AKRON, Ohio – Under gray skies and with a light rain falling, Tiger Woods stood over a 26-foot par putt from the fringe behind the 18th green Friday at Firestone Country Club.
Had you spent the day merely watching the man, though – not the scorecard – you might not have known if that final putt was for a 61 or a 73.
While completing a bogey-free round that tied his own course record on the South Course, equaled his lowest competitive round on the PGA Tour and seemingly put this year’s WGC-Bridgestone Invitational on ice, Woods at times looked like a man playing a Tuesday practice round.
“Most of the day I was just plodding along and trying to put my ball in the right spot,” explained Woods, whose 9-under 61 matched the score that he shot on this course in the second round en route to victory in 2000.
For the 14-time major champion, Friday’s record-tying round was about control – not only the control that he displayed with iron approaches, but also the command he had over his on-course emotions. Woods spent the front nine burying putt after putt, taking just one stroke on each of the first seven greens he encountered, but did so without so much as a hand raise.
“Tiger, cheer up buddy,” said one fan in the gallery lining the 11th hole, minutes before a seemingly placid Woods sank yet another birdie to move to 7 under on the day. “You’re winning.”
It was not until a 20-foot birdie putt on the par-3 12th found the hole, gently breaking back over a slight ridge before cresting over the edge of the cup, that Woods finally relented, offering a triumphant stride and fist pump. After the round, he shed light on the clinical approach that he implemented Friday, one that recalls memories of the many multiple-shot triumphs he’s accrued over his historic career.
“I just kept thinking, you know, whatever lead I had, let’s just keep increasing this lead,” noted Woods, who now holds a 36-hole advantage of more than four shots for the 11th time in his PGA Tour career. “I think it’s at seven now, I believe. So not too bad after two days.”
Beginning his day with an eagle on the par-5 second hole sandwiched between birdies on Nos. 1 and 3, it was clear from the start that Woods was likely in position for a low number Friday in Akron. For the second consecutive round, he remained dialed-in with his approach shots, affording himself an eye-popping eight birdie opportunities of 14 feet or less. He converted six of those chances.
“I hit a lot of good iron shots today,” said Woods, in likely the day’s biggest understatement.
Still, the difference between a “typical” good round and Friday’s round that brought golf’s magic number of 59 into play down the stretch was Woods’ performance on the greens. The seven-time WGC-Bridgestone champion took just 22 total putts in the second round, with his missed putt on the par-3 15th the first of 28 attempts from less than 10 feet that failed to find the hole all week. Through 36 holes, his putting performance is a far cry from that of a player who at times appeared perplexed by the surfaces at Muirfield in his most recent competitive start.
“I’m really pleased obviously with the way I’m putting, really making some nice putts from 15 feet on in,” said Woods, who is currently second behind Luke Donald this week in putting average. “It’s just a matter of getting the speed, and I’m starting the ball on my spots. My speed has been really good the last two days.”
While the round will likely be remembered for the many birdie putts that dropped Friday afternoon, Woods admitted after the round that his afternoon took a clear turn for the better on the par-4 sixth hole. Stymied behind a tree after an errant drive, the world’s top-ranked player was forced to chip out sideways into the intermediate rough. From there, though, his approach from 188 yards found the middle of the green, and his subsequent 23-foot par putt found the hole.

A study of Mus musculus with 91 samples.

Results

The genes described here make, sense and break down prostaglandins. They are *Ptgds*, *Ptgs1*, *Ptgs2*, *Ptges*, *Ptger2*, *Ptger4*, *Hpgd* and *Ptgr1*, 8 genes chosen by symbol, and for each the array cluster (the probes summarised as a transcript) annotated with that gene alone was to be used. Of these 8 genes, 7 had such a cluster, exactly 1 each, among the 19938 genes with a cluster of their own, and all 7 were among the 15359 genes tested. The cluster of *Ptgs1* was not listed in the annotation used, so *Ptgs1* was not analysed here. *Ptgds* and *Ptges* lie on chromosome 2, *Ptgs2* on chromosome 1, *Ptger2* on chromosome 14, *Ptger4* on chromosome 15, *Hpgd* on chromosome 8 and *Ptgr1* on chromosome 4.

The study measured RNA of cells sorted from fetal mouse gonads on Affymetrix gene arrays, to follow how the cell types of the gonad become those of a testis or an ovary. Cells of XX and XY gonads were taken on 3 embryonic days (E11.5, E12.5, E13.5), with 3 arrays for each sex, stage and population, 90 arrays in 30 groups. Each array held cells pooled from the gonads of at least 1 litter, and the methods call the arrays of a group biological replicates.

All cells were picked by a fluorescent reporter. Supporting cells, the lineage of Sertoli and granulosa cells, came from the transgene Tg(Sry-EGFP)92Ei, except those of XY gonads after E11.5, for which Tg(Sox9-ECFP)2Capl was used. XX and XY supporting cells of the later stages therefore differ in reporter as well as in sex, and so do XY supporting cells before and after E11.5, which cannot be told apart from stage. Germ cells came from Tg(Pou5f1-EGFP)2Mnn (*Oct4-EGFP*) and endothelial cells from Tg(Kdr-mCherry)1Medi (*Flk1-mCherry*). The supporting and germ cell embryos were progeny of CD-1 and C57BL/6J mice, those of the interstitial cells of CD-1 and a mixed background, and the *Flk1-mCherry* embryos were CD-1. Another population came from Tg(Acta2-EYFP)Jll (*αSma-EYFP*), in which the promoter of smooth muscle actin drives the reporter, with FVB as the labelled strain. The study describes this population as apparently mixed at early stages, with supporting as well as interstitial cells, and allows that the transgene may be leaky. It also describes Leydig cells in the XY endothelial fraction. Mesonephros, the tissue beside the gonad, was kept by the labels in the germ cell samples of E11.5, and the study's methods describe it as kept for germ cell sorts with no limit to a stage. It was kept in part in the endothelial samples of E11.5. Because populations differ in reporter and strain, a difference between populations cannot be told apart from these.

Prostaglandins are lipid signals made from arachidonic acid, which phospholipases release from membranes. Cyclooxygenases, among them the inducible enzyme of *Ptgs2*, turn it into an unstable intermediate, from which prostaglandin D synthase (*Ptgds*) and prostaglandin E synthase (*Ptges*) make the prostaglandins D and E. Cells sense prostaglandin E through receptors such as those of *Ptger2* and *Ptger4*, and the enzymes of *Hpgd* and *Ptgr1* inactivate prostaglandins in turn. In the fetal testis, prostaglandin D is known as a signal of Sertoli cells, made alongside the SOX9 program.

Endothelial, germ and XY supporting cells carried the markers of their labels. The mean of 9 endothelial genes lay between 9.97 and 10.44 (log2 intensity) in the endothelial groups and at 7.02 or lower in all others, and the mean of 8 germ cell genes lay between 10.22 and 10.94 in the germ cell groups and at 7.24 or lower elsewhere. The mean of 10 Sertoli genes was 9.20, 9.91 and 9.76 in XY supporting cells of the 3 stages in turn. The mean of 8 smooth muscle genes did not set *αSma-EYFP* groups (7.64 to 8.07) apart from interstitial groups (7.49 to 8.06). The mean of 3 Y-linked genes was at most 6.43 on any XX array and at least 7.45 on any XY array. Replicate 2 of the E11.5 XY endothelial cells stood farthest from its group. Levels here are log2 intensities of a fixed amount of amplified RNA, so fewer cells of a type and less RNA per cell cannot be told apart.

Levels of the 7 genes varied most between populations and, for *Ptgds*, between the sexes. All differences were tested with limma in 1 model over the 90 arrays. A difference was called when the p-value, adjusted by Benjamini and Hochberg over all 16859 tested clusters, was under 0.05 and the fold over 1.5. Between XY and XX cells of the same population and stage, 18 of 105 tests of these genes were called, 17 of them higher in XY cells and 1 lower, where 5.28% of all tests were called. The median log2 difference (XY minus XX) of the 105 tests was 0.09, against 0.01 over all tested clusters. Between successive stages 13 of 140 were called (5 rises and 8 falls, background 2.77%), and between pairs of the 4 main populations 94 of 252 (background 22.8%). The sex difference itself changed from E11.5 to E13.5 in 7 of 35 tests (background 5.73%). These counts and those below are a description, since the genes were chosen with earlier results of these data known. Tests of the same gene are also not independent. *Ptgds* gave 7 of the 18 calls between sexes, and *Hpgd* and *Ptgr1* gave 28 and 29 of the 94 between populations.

“I always think that it’s probably more important to make those par putts than it is making birdies. Keeping cards clean with no dropped shots is always the key,” explained Woods, who also made an eight-foot putt to save par on the 14th hole. “I get more excited when I make key par putts than even birdies. They’re momentum builders.”
Equipped with a seven-shot lead heading into the weekend, Woods now appears in command of all facets of his game – not a foreign notion for him along the fairways of Firestone. Though short misses for birdie at both the 15th and 17th holes derailed his chances to shoot a 59, he quickly dismissed any notion that he would be leaving the course Friday night with any modicum of regret.
“Am I disappointed? Absolutely not, nope,” added Woods, who is now just the second player with four sub-62 rounds on the PGA Tour since 1983. “Sixty-one is pretty good. I’m not bummed.”
While he remained largely stoic throughout Friday’s record-tying round, Woods could not help but raise his putter in triumph after holing his final putt on the home hole, salvaging par when just minutes earlier a closing double bogey appeared realistic. It proved a fitting end to an afternoon where he quite literally made nearly everything he faced, taking a large step toward what would be his eighth career title at Firestone.
“For me, when I get excited, I get excited,” explained a smiling Woods in the media center after the round. “It was nice to end the day like that and not drop a shot, and then to post the number I posted, it felt good. And I think that’s what that emotion was.”
As he walked off the final green Friday amid echoing cheers from the surrounding galleries, two truths were evident: for the past four hours, Woods was in total control of his golf game, and if history is any indication, the rest of the world-class field in Akron is in a ton of trouble as a result.